Podcast transcript

Coming up, the current state of the bond market and the income opportunities within.


From Thrivent Asset Management, welcome to episode 44 of Advisor’s Market360™. A podcast for you, the driven financial advisor.

Today, we’re taking a well-deserved follow-up look at the bond market. Consider this a sequel to episode 40 from November of last year, in which we discussed opportunities following autumn’s peak in interest rates and bond yields. Since then, the opportunity set in fixed income has changed in the wake of recent strong performance.

Interest rates and credit spreads have gone down, bond prices have gone up, and returns in the bond market have been exceptional. Fixed-income returns have ranged from 3% to more than 10% over the past three months – depending on maturity and sector – outpacing the S&P 500® which is up nearly 5% for this time period. As a reminder, the S&P 500 index tracks the average performance of 500 U.S. large-cap companies.

With strong fixed-income performance packed into such a short period, how has the opportunity set changed, and what do we expect of the various income-oriented sectors of the market?


During this same period, however, we've seen Treasury bond yields fall by 30 basis points on two-year Treasury bonds, and by about 60 basis points for all maturities longer than two years. Short-term yields became substantially higher than longer-term bond yields, creating a significant inversion in the yield curve. Why? Well, the market is beginning to believe that the Fed will soon stop raising rates as evidence accumulates of a slowing economy and inflation.

Meanwhile, spreads – the yield investors demand for assuming default risk on corporate bonds – have declined between 30 and 50 basis points, depending on credit quality. This decline in credit spreads points to the market’s belief that a severe recession can be avoided, resulting in a rare "soft landing" for the economy, following a period of tightening Fed policy moves.


Despite the recent rally in bond prices and the diminishing prospects of near-term capital gains, the bond market still offers more compelling long-term income opportunities when compared to the almost trivial yields of the past decade.

Here’s our list of 4 fixed-income opportunities.



Longer-maturity corporate bonds have our attention, as well. Since the fourth quarter of 2022, they’ve seen an incredibly strong rally which has continued into the new year. After significant price gains, current yields are now around 5%, with select credits providing yields greater than 6%. The probability of additional capital gains in the near term seems low, but in the long term, if inflation continues to recede, longer-maturity bonds may provide a solid foundation for the income-generating segment of an investor's portfolio.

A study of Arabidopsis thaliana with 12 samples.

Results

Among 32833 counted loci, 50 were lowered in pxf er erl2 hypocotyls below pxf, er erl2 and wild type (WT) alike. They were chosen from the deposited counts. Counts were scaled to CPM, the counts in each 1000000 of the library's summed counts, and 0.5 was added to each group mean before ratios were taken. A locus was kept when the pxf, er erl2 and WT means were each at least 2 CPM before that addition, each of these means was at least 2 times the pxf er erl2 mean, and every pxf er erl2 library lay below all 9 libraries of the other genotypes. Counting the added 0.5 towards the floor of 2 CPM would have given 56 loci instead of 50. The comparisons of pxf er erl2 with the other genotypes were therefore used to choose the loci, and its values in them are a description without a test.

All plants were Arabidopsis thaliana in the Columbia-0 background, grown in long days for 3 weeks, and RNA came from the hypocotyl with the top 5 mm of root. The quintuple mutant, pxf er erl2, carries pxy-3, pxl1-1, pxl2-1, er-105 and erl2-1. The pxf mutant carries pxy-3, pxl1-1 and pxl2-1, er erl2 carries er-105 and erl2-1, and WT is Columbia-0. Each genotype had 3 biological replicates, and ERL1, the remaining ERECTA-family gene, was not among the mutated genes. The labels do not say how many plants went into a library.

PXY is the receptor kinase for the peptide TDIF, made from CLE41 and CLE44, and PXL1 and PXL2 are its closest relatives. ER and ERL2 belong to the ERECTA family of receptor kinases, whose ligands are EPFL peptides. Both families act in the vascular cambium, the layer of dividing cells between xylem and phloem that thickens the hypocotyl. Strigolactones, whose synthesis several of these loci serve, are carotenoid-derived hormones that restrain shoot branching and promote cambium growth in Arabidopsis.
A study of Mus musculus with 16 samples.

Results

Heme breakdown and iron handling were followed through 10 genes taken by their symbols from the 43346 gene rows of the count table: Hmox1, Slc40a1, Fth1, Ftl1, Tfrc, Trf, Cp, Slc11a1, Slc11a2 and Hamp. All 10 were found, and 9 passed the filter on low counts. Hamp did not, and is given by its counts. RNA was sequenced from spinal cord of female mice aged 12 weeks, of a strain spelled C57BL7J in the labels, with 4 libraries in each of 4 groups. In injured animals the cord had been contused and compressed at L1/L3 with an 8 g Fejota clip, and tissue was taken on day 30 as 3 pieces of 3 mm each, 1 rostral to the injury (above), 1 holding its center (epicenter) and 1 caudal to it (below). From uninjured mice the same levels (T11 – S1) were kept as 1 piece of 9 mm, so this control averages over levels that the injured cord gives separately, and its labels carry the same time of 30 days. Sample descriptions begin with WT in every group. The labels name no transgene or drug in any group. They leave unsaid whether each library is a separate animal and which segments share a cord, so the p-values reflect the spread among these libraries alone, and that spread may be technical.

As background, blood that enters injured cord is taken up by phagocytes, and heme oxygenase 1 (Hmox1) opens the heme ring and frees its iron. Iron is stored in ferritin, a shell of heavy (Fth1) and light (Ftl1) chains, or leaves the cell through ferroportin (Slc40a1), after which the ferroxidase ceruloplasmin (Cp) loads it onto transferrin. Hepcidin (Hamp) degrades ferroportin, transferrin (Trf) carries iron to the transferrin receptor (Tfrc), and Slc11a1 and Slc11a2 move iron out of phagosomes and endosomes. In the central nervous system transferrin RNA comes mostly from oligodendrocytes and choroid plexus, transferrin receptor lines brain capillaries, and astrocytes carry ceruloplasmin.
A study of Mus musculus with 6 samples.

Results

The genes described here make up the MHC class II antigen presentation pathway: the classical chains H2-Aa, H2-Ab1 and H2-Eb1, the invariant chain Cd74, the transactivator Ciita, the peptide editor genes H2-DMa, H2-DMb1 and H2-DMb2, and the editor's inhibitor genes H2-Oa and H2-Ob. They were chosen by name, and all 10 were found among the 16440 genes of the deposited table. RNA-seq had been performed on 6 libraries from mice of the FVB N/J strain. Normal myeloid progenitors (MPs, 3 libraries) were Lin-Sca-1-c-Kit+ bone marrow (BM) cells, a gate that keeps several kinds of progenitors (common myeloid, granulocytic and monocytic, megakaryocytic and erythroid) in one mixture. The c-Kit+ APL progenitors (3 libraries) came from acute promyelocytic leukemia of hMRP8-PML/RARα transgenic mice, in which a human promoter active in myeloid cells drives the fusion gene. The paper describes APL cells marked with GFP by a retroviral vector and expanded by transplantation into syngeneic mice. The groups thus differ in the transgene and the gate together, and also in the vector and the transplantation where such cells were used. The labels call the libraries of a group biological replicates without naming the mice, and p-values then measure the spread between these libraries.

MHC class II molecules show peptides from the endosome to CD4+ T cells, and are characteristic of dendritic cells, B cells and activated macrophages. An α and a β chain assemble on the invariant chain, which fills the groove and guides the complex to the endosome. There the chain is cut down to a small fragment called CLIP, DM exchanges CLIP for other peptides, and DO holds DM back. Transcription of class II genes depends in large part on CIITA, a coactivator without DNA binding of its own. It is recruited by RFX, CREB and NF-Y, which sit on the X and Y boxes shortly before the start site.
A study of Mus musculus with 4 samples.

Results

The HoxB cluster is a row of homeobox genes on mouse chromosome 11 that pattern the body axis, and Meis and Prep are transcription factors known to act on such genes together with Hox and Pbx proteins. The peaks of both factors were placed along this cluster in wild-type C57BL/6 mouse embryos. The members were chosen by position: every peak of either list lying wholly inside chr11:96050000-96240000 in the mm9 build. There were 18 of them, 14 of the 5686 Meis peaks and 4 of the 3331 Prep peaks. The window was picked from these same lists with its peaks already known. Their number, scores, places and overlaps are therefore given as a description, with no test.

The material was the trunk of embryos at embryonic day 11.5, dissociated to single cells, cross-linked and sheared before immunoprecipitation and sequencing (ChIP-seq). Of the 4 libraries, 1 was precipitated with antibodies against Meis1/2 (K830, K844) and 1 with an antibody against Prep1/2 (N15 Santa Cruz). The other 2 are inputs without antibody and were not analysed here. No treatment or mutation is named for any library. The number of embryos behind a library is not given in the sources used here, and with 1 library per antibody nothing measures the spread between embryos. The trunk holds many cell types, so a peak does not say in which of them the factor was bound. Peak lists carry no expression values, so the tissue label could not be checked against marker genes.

Now, in light of the uncertain economic situation and the possibility of a recession, investors need to take into account the cost of default losses from current yield levels. Historically, default losses can reduce the overall return of high-yield bonds by 2–4%. But, assuming current yield levels of 8.25%, if the economy were to fall into a recession that causes widespread credit problems and defaults, the realized overall long-term returns one would see could be cut by 4–6%. In a recessionary environment, short-term performance is likely to be even lower as market prices for high-yield bonds would decline in recognition of a higher-risk environment.


Lending to the “eclecticism” of this group of higher income securities is how variable the investment returns can be, depending on security and sector. A shift in investor sentiment in the current environment has seen investors gravitating towards more value- and income-oriented investments. This shift may continue to benefit this diverse area of the markets and could add value to an investor's overall portfolio by potentially generating current income yield levels of 6–8%.


After a surge in overall performance for fixed income assets in just the past three months, the chance of additional capital gains from falling interest rates seems to be low. However, income levels across almost all fixed income sectors remain at levels that still provide overall benefits for investors seeking income and diversification for their portfolios.


Thanks for listening to this episode of Advisor’s Market360™. All episodes are available on Apple Podcasts, Spotify, and Google Podcasts. Email us at with your feedback, questions and topic suggestions for future episodes. Advisors: do you have a story share? Email us and you might hear it in a future episode. And as always, you can learn more about us at and find other insights of interest to you, the driven financial advisor. Bye for now.


All information and representations herein are as of January 31, 2023, unless otherwise noted.

Any indexes discussed are unmanaged and do not reflect the typical costs of investing. Investors cannot invest directly in an index.

Past performance is not necessarily indicative of future results.

Actual investment decisions made by Thrivent Asset Management, LLC will not necessarily reflect the views expressed. This information should not be considered investment advice or a recommendation of any particular security, strategy or product. Investment decisions should always be made based on an investor's specific financial needs, objectives, goals, time horizon, and risk tolerance.

Thrivent Asset Management, a division of Thrivent, offers financial professionals a variety of investment products to help meet their clients’ needs. Thrivent Distributors, LLC, is a member of FINRA and SIPC and a subsidiary of Thrivent, the marketing name for Thrivent Financial for Lutherans.